Horror has a long and rich history of being used for social commentary. This makes sense considering that fear is both universal and subjective, tinted by individual and community experiences. Its relevance can be seen more than ever in the current period of horror that has been labelled as the new golden era for the genre. Horror practitioners are actively choosing to focus on making socially conscious content by exploring real-life fears and traumas through innovative metaphors and allegories.
Leigh Whannell’s sci-fi horror, ‘The Invisible Man‘, is the latest addition to this welcome change. The film is a collaboration between Blumhouse and Universal, and offers a contemporary and relevant take on Universal’s classic monster. It centers around Cecilia, a victim being terrorized by her invisible abuser and former partner as she tries to escape the toxic relationship.
Whannell creates something deeply stressful and suffocating by focusing on a monster that is human instead of supernatural. The film explores what it means to be a victim of domestic abuse. But it does this through sci-fi elements, making it both relatable and nightmarish in its portrayal. In case you’re wondering if ‘The Invisible Man’ has real-life influences and inspirations, you’re at the right place. Here’s everything we know.
Is ‘The Invisible Man’ Based on a True Story?
No, ‘The Invisible Man’ is not based on a true story. Instead, it is a modern adaptation of H.G. Wells’ 1897 classic of the same name. The original novel centers around Griffin, a gifted scientist who works in the field of optics, finds a way to turn invisible, but cannot reverse the process. He is portrayed to be a psychotic scientist known for his brutality, similar to Whannell’s adaptation.
Wells’ novel is a favourite for filmmakers and has seen countless adaptations. The most famous of these is, of course, Universal’s 1933 ‘The Invisible Man’. The film was also the classic monster’s first screen adaptation. However, it portrayed Griffin as an anti-hero on his path to destruction than the human monster he was in the original work.
Whannell’s contemporary adaptation of ‘The Invisible Man’ offers something truly horrifying and redefines the monster that Griffin is. It gives us a sociopathic abusive husband with Adrian Griffin, who reeks of white male privilege, and terrorizes his partner after staging his death. In many ways then, Whannell’s Griffin is the most relevant monster of our time.
The original work does not have a character named Cecilia, and neither does it center around domestic abuse. Whannell’s ‘The Invisible Man’ then serves as a loose but fitting adaptation of Wells’ work. It makes use of the myth of the invisible man, but chooses to focus on his victim instead. By doing so, it explores relevant themes like gaslighting, toxic masculinity and domestic abuse. This is precisely why it was essential to have a woman at the center of the film, unlike most of the previous adaptations.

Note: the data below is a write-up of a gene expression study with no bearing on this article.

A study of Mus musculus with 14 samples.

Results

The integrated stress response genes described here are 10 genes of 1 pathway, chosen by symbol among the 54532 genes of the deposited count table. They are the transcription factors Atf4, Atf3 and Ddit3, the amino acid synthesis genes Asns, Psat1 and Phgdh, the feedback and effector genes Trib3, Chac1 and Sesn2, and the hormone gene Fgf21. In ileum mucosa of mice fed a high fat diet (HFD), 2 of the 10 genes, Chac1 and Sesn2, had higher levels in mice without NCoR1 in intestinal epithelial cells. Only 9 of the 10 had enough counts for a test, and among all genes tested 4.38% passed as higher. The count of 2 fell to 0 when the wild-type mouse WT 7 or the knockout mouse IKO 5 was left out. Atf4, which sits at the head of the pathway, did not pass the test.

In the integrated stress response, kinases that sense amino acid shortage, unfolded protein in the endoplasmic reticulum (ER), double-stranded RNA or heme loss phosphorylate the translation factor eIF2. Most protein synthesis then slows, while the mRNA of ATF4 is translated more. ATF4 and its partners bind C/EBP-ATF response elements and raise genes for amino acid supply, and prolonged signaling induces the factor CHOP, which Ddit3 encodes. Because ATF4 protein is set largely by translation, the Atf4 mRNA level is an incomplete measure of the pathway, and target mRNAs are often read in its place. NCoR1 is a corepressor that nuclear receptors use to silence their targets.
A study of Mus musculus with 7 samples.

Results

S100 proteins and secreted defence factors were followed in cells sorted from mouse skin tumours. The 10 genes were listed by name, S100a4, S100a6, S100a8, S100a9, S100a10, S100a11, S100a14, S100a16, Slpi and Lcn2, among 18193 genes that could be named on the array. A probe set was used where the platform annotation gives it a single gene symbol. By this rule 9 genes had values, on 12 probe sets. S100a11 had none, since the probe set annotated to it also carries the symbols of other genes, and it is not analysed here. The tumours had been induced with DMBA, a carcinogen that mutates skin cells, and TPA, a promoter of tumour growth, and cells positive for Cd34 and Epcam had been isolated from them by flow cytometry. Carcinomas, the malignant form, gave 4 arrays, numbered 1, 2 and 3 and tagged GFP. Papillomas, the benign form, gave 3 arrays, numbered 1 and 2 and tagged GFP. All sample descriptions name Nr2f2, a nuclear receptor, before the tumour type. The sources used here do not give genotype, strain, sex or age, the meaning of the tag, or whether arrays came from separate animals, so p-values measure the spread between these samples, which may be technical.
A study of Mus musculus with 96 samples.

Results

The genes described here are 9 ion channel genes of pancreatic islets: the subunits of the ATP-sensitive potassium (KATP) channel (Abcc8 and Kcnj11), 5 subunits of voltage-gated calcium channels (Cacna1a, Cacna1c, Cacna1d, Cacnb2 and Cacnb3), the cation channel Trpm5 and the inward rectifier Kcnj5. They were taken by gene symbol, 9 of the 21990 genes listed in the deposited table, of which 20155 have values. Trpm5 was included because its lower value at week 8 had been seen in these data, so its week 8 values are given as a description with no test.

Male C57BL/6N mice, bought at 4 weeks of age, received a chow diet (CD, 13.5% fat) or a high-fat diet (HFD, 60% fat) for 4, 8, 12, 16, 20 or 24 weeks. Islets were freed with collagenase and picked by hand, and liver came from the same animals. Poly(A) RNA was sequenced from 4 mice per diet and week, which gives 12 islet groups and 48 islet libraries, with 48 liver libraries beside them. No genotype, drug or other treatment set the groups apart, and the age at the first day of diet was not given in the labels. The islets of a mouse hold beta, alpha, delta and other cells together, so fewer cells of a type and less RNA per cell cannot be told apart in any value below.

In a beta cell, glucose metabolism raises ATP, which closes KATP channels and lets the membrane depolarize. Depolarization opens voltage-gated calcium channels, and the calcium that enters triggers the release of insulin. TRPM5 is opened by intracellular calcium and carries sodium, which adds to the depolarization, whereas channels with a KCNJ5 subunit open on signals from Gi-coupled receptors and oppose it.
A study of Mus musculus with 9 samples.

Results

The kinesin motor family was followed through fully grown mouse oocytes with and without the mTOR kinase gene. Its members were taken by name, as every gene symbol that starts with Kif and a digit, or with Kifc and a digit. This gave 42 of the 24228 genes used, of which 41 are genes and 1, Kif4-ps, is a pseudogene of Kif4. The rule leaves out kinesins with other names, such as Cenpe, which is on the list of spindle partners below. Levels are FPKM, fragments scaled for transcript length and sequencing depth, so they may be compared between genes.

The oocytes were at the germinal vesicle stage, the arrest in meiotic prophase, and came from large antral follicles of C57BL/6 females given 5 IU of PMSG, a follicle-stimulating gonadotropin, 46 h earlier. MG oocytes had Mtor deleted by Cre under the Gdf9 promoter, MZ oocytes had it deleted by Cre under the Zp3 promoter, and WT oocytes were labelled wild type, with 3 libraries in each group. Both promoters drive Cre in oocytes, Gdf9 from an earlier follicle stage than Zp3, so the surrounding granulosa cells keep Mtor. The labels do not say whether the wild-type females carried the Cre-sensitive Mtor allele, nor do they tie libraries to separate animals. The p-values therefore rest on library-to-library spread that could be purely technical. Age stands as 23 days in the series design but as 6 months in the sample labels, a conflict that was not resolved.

It also serves as an important allegory in the post #MeToo era as it focuses on a woman not being believed for the abuse she is facing, even when she tries to get help. Interestingly, the film premiered just 3 days after Harvey Weinstein was found guilty of sexual assault. This goes on to prove the relevance of the film in today’s day and age, and the battle we’re still fighting, even though Weinstein’s conviction is a small victory.
Domestic abuse specifically is a whole lot intimate and psychologically devastating as the abuser is none other than your partner. Someone who knows you and your vulnerabilities. Someone you cannot escape. The film also looks at the real anxieties and mental turmoil experienced by the victims of abuse, only to turn it into a physical nightmare through the sci-fi element of invisibility. For research and authenticity, Whannell visited domestic violence shelters and spoke to several victims and counsellors. He also sat down with Elisabeth Moss (who plays Cecilia) as she shared her own experiences with toxic relationships, offering a needed female perspective.
There seems to be a clear Hitchcockian influence in Whannell’s ‘The Invisible Man’. The claustrophobic, suspenseful horror especially with its references, techniques and score, borrows from Alfred Hitchcock‘s ‘Vertigo’. It also makes use of voyeurism in parts by placing us in Griffin’s point of view. This technique is also known to be used by Hitchcock. Similarly, the film’s jarring, unsettling score by Benjamin Wallfisch is said to be inspired by Bernard Herrmann, who collaborated with Hitchcock for ‘Psycho’ and ‘Vertigo’.
In many ways, Cecilia also becomes similar to the blonde Hitchcockian heroine. There is even a particular scene that features the back of Cecelia’s blonde hair in a bun which would instantly remind one of Madeleine Elster. In an interview with Variety, Whannell admitted:
“I watched a lot of Hitchcock…I love ‘Vertigo’s’ sense of madness. It kind of has this dream logic. I watched ‘Psycho.’ I watched ‘Rear Window.’ And it was such an education going back there, because a lot of the stuff he did back then, it’s still so effective.”